Study finds CTE in brains of college athletes

Pennsylvania residents have likely heard about reports linking contact sports like rugby and football with the degenerative brain disease chronic traumatic encephalopathy. It was originally believed that CTE was mainly confined to professional athletes who have suffered multiple head injuries and concussions over careers that sometimes last for a decade or more, but a recent study conducted by researchers at the Mayo Clinic indicates that the problem may be far more widespread than experts had believed. The researchers published their findings in the December 2015 issue of the journal Acta Neuropathologica.

According to the Mayo Clinic research, men who played contact sports while in high school or college showed signs of CTE 32 percent of the time. The study was conducted by examining the brains of deceased former college athletes and non-athletes. The sports played included boxing, wrestling and baseball in addition to football and rugby. Researchers followed diagnostic procedures established by the National Institute of Neurological Disorders and Stroke.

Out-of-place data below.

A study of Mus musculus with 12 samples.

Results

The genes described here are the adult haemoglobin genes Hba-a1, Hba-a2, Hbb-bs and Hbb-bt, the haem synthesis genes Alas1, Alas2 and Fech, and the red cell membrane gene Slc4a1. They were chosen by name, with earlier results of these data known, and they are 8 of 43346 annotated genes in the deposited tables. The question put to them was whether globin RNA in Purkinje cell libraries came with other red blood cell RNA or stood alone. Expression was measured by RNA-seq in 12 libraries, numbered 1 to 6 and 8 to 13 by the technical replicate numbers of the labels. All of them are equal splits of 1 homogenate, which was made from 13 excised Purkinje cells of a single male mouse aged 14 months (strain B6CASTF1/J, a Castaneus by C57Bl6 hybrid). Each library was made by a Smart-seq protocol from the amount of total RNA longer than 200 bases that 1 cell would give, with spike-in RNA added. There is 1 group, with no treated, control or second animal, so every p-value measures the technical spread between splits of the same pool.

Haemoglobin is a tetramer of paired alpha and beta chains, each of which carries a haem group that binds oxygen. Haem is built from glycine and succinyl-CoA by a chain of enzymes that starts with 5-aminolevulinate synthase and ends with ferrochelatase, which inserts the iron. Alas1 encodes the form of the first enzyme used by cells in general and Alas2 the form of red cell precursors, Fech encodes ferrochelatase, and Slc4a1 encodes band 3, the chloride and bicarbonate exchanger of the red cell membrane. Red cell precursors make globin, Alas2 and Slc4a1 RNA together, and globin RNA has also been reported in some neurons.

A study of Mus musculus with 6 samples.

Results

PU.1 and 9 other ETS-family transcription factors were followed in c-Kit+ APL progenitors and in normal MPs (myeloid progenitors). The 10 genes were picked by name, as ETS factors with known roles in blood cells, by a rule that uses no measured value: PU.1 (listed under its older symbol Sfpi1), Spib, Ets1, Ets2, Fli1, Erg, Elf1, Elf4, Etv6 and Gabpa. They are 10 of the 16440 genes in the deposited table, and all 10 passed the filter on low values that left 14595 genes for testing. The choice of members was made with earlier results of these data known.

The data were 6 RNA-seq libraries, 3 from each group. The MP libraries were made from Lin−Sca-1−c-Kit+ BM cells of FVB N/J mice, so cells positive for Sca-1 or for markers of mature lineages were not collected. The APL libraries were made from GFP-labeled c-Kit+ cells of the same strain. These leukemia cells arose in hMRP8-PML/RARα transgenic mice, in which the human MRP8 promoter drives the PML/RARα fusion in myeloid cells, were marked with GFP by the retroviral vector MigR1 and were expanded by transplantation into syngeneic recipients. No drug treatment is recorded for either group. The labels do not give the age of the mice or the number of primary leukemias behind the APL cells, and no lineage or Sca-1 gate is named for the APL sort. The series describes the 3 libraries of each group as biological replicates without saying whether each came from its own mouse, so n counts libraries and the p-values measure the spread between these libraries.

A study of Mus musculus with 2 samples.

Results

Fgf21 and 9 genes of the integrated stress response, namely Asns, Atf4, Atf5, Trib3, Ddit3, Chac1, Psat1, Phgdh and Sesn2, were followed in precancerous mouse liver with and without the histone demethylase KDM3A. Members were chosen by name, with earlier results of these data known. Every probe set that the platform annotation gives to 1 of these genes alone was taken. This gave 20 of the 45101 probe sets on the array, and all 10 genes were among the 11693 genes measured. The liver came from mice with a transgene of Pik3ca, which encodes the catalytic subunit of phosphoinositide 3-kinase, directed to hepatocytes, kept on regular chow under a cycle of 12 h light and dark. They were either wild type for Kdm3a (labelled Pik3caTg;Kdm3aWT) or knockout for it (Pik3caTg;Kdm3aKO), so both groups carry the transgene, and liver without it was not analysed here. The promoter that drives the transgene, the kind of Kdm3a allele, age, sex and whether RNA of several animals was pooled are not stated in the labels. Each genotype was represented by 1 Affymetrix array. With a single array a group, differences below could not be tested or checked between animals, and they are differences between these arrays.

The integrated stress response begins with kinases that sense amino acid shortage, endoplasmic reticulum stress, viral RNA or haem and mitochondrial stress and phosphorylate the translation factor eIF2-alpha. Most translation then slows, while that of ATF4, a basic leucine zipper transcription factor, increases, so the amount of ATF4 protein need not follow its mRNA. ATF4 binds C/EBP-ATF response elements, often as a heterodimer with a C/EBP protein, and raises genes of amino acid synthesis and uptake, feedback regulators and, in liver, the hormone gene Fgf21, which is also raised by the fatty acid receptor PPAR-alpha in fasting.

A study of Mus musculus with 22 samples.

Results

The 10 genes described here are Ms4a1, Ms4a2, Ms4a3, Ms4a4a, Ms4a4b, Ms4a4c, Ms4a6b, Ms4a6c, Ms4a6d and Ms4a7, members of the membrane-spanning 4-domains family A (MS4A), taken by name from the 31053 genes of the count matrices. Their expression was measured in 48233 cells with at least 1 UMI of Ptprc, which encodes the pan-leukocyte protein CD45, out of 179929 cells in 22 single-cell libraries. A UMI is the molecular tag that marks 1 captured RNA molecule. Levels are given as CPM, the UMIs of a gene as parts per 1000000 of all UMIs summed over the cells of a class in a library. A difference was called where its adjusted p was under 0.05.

The researchers say that they were surprised by their findings. The 198 brains examined included 66 that had been taken from women. The researchers found no indication of CTE in the brains of men or women who had not played any contact sports as a youth. However, the Mayo Clinic researchers were quick to point out that more work needs to be done and that playing organized sports can provide many benefits for young people.

While brain injuries are often associated with contact sports, they frequently are caused by traffic collisions or falls. A person who has been injured in an incident that was attributable to the negligence of another party may want to have the assistance of a personal injury lawyer in seeking assistance for medical and rehabilitation expenses and other losses that have been incurred.